Welcome Remarks for "Six Years in the Hanoi Hilton"
Good afternoon. I’m David Ferriero, Archivist of the United States. I’m glad you could be with us today, whether you are sitting here in the William G. McGowan Theater or joining us through YouTube or C-SPAN.
Before we hear from Amy Hawk about her stepfather’s time as a prisoner of war in North Vietnam, I’d like to tell you about a few programs going on today and tomorrow.
Today we opened our new exhibit, “Remembering Vietnam,” and we’re celebrating that opening with a full slate of public events. At two o’clock today, Vietnam veteran Donna Lowery will discuss the participation of American military women during the Vietnam War, which she recounts in her book Women Vietnam Veterans: Our Untold Story.
And at 4:30, members of the North Carolina Vietnam Helicopter Pilots Association will share their memories of their Vietnam experiences and tell us about the three Bell helicopters that are parked outside our building.
Tomorrow, November 11, we will present three more programs related to the exhibit. At 11 a.m., Frances O’Roark Dowell will help us see Vietnam through the eyes of a child as she discusses her book, Shooting the Moon. At two o’clock, we’ll show the film We Were Soldiers. And at 7 p.m., we will celebrate the 35th anniversary of the Vietnam Veterans Memorial with a panel discussion that will include the founder of Vietnam Veterans Memorial Fund, Jan Scruggs.
To learn more about these and all of our public programs and exhibits, consult our monthly Calendar of Events online at Archives.gov. Check our website or sign up to get email updates. You’ll also find information about other National Archives programs and activities.
Another way to get more involved with the National Archives is to become a member of the National Archives Foundation. The Foundation supports the work of the agency, especially its education and outreach programs. Pick up your application for membership in the lobby or become a member online at archivesfoundation.org.
As I mentioned earlier, today’s program is one in a series of events we are presenting in conjunction with our new exhibit, “Remembering Vietnam,” which just opened in the Lawrence F. O’Brien Gallery upstairs.
The exhibit is a media-rich exploration of the Vietnam War, featuring interviews with American and Vietnamese veterans and civilians with first-hand experience of the war’s events as well as historic analysis. It is a fascinating collection of newly discovered and iconic original documents, images, film footage, and artifacts that illuminate 12 critical episodes in the war that divided the peoples of both the United States and Vietnam.
The 12 episodes trace the policies and decisions made by the architects of the conflict and help untangle why the United States became involved in Vietnam, why it went on so long, and why it was so divisive for American society.
“Remembering Vietnam” draws on National Archives records from all parts of our agency—federal civilian and military records, Presidential libraries, still photography and motion pictures, sound recordings, and electronic records.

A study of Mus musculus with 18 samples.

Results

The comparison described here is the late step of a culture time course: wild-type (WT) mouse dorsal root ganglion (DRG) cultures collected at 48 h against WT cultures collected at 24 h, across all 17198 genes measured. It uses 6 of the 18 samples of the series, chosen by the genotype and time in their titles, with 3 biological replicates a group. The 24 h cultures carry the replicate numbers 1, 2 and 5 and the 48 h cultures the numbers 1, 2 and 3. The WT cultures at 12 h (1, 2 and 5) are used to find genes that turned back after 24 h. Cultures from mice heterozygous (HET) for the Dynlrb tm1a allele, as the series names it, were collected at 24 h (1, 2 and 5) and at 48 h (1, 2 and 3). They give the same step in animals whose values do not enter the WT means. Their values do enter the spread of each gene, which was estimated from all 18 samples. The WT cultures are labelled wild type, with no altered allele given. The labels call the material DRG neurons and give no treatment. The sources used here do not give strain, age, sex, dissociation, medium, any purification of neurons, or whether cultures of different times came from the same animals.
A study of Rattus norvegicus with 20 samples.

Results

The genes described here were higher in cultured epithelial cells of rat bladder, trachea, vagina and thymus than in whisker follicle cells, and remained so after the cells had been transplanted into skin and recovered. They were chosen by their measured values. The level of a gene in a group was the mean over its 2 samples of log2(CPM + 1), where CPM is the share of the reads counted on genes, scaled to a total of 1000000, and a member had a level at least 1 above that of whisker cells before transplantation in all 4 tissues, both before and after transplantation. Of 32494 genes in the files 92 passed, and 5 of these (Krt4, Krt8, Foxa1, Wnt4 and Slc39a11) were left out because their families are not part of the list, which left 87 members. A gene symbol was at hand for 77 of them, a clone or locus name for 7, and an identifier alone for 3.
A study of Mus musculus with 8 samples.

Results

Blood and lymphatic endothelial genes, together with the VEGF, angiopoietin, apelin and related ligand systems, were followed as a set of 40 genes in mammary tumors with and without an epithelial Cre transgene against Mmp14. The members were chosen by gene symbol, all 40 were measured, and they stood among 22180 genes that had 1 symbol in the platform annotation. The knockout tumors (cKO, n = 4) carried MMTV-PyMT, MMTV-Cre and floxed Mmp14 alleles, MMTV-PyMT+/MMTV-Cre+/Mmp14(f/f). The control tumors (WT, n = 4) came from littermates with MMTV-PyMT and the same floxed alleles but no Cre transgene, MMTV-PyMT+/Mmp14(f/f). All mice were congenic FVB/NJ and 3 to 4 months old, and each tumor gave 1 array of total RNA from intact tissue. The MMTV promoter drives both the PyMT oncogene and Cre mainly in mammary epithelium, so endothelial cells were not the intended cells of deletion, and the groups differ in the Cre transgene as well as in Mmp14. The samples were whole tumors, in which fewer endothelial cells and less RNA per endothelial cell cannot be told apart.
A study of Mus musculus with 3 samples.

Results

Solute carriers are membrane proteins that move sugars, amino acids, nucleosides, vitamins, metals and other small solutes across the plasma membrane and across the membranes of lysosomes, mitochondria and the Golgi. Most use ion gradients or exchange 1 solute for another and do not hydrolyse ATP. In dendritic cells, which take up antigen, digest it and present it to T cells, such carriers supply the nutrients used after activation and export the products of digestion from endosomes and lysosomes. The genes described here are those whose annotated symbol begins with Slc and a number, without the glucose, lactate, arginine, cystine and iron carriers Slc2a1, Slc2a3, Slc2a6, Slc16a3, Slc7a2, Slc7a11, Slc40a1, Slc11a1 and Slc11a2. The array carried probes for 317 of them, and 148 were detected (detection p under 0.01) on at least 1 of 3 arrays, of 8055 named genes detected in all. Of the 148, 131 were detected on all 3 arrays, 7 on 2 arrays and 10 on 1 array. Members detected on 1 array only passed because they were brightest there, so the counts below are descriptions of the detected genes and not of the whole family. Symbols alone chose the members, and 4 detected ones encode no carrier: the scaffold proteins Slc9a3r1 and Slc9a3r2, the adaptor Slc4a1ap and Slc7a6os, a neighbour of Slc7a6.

I encourage you all to walk through the exhibit—if not today, then another time in the coming year.
I ask all Vietnam veterans or any United States veterans who served on active duty in the U.S. Armed Forces at any time during the period of November 1, 1955, to May 15, 1975, to stand and be recognized.
Veterans, as you exit the McGowan Theater after today’s program, National Archives staff and volunteers will present each of you with the Vietnam Veteran Lapel Pin. On the back of the pin is embossed:
“A Grateful Nation Thanks and Honors You.”
The United States of America Vietnam War Commemoration is a national initiative, and the lapel pin is the nation’s lasting memento of thanks.
In February 1973, U.S. military transport planes carried the first groups of released American prisoners of war from Vietnam to American bases. After several weeks of ferrying servicemen to freedom, Operation Homecoming returned 591 POWs home. One of the early flights carried Air Force Captain James Shively, whose six-year imprisonment was at last at an end.
After his return, he married his high school sweetheart, and raised her two young daughters as his own. One of those girls, five-year-old Amy, grew up to tell his story.
After her stepfather passed away in 2006, Amy became aware of some audio recordings that he had made with a reporter, sharing his experiences in the prison camp in detail. From the tapes, Amy wrote Six Years in the Hanoi Hilton: An Extraordinary Story of Courage and Survival in Vietnam, with a foreword by Jim Shively’s prison-mate, John McCain. It is a re-telling of his day-to-day life in captivity in Vietnam. Amy wrote the book not only to honor her dad, but as a tribute to every Vietnam veteran. She is an author with a degree in broadcast journalism, and she is here today to share her dad's remarkable story.
Ladies and gentlemen, please welcome Amy Shively Hawk.